On our way to Arizona

Our life has been a bit of a whirlwind lately. Four weeks ago, we were thrown both an extraordinary gift and a curve ball with our son’s college plans, and we had to move into high-gear to figure out a Plan B.

I was thrown off-kilter; we didn’t see this coming, and it’s been painful to watch our son’s dreams both materialize in front of his eyes and, in another way, possibly require him to make a sharp, 90-degree pivot.

I’ve cried. I’ve questioned myself. I don’t often beat myself up but, in the aftermath of plans going awry, I did plenty of kicking myself: Why didn’t I insist on a more solid Plan B and C? How could I have let this happen? I have failed my son. As if life is entirely in my hands, which, of course, it is not…

Once the critic and part that thinks it can control everything quieted down, I was left with grief. And when the grief passed through, I arrived at acceptance and a knowing that our son is resilient and would be okay no matter how this unfolded.

So for the past several weeks, we’ve both forged ahead with an emergency Plan B while also holding out hope that Plan A would still come through. At times it felt like grasping at silk threads, but we still held on.

Throughout this time, I had several dreams about where he would go to college. Some of the dreams were concerning. Others seemed precognitive. Reaching into my decades-old treasure chest of tools for working with dreams, I spiraled into this current layer of seeking to decipher their messages.

Leaning Into Paradox

As I often teach with dreams, it’s not one, singular message. Dreams, like the unconscious from which they originate, are multi-layered, mysterious and kaleidoscopic. Two seemingly contradictory meanings can be true at the same time.

As I inch further into my fifties, I find myself more and more enamored by paradox: a way of both relying on dreams as a bedrock, and also holding them as lightly as butterfly wings with a fractal awareness that dreams can be both prescient and have nothing to do with the future. It’s a lighter way of holding the contents of the unconscious, one that allows for more mystery, and, I believe, ultimately more peace.

When we were in Arizona last weekend on a 24-hour reconnaissance mission for a possible Plan B, I had a dream:

We missed our flight home from Queensland, Australia (this is a recurring dream theme – being trapped in Australia and trying to get home). I’m trying to get another flight but then we end up in the cafeteria at Embry-Riddle [our son’s Plan A college] and the man behind the counter who has worked there for years tells me on the sly that it’s going to be okay – don’t worry.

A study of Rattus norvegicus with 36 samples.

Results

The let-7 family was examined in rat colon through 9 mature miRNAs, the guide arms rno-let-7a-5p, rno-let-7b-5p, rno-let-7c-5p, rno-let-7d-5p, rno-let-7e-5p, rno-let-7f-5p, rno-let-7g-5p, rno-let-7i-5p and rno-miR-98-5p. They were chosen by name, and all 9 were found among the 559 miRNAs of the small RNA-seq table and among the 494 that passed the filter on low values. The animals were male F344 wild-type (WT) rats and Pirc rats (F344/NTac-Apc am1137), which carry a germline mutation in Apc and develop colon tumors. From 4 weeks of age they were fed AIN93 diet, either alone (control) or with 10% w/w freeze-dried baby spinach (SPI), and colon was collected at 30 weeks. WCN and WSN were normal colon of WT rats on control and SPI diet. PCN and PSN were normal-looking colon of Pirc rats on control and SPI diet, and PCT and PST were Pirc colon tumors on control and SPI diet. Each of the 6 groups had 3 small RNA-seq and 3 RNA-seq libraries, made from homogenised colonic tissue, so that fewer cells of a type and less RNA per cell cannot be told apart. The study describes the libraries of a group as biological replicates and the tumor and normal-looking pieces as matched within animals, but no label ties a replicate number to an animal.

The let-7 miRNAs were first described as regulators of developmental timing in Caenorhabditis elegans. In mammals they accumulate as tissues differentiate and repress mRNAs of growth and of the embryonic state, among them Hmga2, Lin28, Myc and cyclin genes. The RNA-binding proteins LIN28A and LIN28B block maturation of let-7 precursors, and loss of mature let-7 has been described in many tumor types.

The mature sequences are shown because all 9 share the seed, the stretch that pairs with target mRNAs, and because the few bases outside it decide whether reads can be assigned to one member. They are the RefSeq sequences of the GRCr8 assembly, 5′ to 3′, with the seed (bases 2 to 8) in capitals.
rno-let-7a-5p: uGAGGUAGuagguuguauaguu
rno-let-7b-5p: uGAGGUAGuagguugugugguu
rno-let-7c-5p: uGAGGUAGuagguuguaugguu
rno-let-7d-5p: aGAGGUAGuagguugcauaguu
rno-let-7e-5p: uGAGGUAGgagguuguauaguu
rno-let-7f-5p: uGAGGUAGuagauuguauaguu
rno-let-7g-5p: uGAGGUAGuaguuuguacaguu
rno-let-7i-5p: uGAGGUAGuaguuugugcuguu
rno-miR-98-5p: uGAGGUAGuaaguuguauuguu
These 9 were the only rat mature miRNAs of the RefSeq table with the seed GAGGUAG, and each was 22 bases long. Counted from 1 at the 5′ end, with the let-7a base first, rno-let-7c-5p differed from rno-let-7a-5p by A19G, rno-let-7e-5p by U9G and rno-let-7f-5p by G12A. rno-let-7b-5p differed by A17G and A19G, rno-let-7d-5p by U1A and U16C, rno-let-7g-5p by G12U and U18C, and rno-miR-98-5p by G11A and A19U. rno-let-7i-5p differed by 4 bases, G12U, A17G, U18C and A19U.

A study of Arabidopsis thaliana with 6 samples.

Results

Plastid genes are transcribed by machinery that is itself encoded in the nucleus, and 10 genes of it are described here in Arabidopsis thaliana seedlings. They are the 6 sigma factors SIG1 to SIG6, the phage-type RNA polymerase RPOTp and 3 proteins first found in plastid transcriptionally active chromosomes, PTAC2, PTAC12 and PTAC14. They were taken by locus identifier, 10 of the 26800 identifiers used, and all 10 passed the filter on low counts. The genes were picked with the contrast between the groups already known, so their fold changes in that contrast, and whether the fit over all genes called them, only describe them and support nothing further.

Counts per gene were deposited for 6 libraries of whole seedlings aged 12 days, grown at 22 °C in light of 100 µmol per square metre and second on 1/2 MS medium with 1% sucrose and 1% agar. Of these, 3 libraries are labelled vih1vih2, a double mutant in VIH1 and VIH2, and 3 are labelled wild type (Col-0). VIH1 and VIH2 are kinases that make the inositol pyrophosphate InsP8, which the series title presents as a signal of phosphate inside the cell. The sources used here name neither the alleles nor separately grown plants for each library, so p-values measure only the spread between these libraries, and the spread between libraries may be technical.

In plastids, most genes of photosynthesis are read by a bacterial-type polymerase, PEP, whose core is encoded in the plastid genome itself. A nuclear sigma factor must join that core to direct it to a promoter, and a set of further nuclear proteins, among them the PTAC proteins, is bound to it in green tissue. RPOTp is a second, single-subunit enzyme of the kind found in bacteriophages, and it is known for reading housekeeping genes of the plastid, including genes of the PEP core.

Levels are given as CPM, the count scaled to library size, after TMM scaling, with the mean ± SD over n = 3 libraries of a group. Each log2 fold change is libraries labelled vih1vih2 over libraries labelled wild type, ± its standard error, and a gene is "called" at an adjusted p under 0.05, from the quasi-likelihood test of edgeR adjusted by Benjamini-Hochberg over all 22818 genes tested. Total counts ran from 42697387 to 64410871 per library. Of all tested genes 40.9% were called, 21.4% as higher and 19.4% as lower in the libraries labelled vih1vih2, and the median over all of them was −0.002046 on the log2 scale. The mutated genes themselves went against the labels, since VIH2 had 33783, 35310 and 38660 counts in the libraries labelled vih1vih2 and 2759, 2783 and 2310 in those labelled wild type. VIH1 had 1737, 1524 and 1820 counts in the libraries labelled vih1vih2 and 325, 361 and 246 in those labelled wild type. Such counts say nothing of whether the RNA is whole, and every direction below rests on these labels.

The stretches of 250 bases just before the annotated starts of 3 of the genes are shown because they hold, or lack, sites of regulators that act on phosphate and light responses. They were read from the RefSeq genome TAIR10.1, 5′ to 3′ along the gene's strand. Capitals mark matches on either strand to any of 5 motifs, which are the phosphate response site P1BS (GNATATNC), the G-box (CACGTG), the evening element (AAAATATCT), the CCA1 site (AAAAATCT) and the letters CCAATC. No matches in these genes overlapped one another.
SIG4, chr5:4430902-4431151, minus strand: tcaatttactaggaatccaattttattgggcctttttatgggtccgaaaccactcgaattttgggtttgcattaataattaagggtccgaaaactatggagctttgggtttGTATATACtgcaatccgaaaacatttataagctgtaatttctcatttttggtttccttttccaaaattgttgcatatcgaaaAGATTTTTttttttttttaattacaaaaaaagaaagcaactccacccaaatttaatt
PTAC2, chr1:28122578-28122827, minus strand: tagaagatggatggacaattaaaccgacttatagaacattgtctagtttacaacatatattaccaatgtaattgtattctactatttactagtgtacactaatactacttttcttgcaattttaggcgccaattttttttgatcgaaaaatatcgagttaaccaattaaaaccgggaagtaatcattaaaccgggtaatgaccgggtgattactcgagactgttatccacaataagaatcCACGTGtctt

He explains everything that’s happening behind the scenes, that it’s complicated but assures me that it’s going to be okay. I’m trying to relay this to Everest but things keep preventing me from telling him. But I still manage to relay the most important part of the message. Robin Williams was also in the dream at some point. And ice cream.

Every part of me wanted to take that dream at face value and lean into it as a source of comfort and reassurance. And I did. But I also held out for the possibility that it could be another sort of gift: that there are people in all realms working behind the scenes working to make sure that Everest is being taken care of, and that he will be nourished (by the “kitchen folks”) no matter where he goes.

In the midst of my heartache, as I watched my son’s soul try to reconcile this turn of events, the dream lit like a three-dimensional star whispering: it’s okay, it’s okay, it’s okay. It’s not that the dream eliminated worry and anxiety; I’ve had plenty of worry the past several weeks. It’s that it gave me a foothold and a pillar, and, when I remembered to go there, a better place to place my worry than spinning around in my mind.

Gift Dreams

I’ve had a handful of gift dreams in my life: dreams that arrive during particularly intense times that offer a way to hold the intensity. Or, rather, that offer me an image that makes me feel held. For at the core of it all this is what we’re all longing for amidst life’s curves and challenges: to be accompanied. To be held by a wise and loving source greater than ourselves. To be nourished by the person behind the counter who has worked here for years and is telling us, “It’s okay.”

When we hold our dreams lightly and with reverence, they hold us in return. And the holding extends beyond the current challenge. As I’ve done with all of my gift dreams, when we return to them, draw them, write them, dance them, they continue to work with us and through us, shining their light and showing the way through the darker forests of life.

By the way… any associations to the ice cream?  Share in the comments! And if you’re interested in learning more about working with dreams, I highly recommend Jeremy Taylor’s work.

P.S.: At the 11th hour, on Friday morning, Plan A came through. We are overjoyed and deeply grateful. Everest received a 4-year National Scholarship for Navy ROTC, and he’ll be attending Embry-Riddle Aeronautical University in the fall as an Aerospace Engineering major. At the end of these four years, he’ll be commissioned as a Naval Officer and, hopefully, be selected as a naval aviator, then apply to NASA to be an astronaut. His path of service begins. His mission, in his words, is “To explore, inspire others, and protect freedom.”

And me? I will to continue bolster all of my practices and supports so that I can find the steadiness the allows me to fully embrace his path and encourage him to fly as far and high as his soul carries him.


This is the last week to sign up for Healing the Mother Wound: A 40-day course for daughters. The course starts on Saturday May 6th, 2023, and I look forward to connection with you there.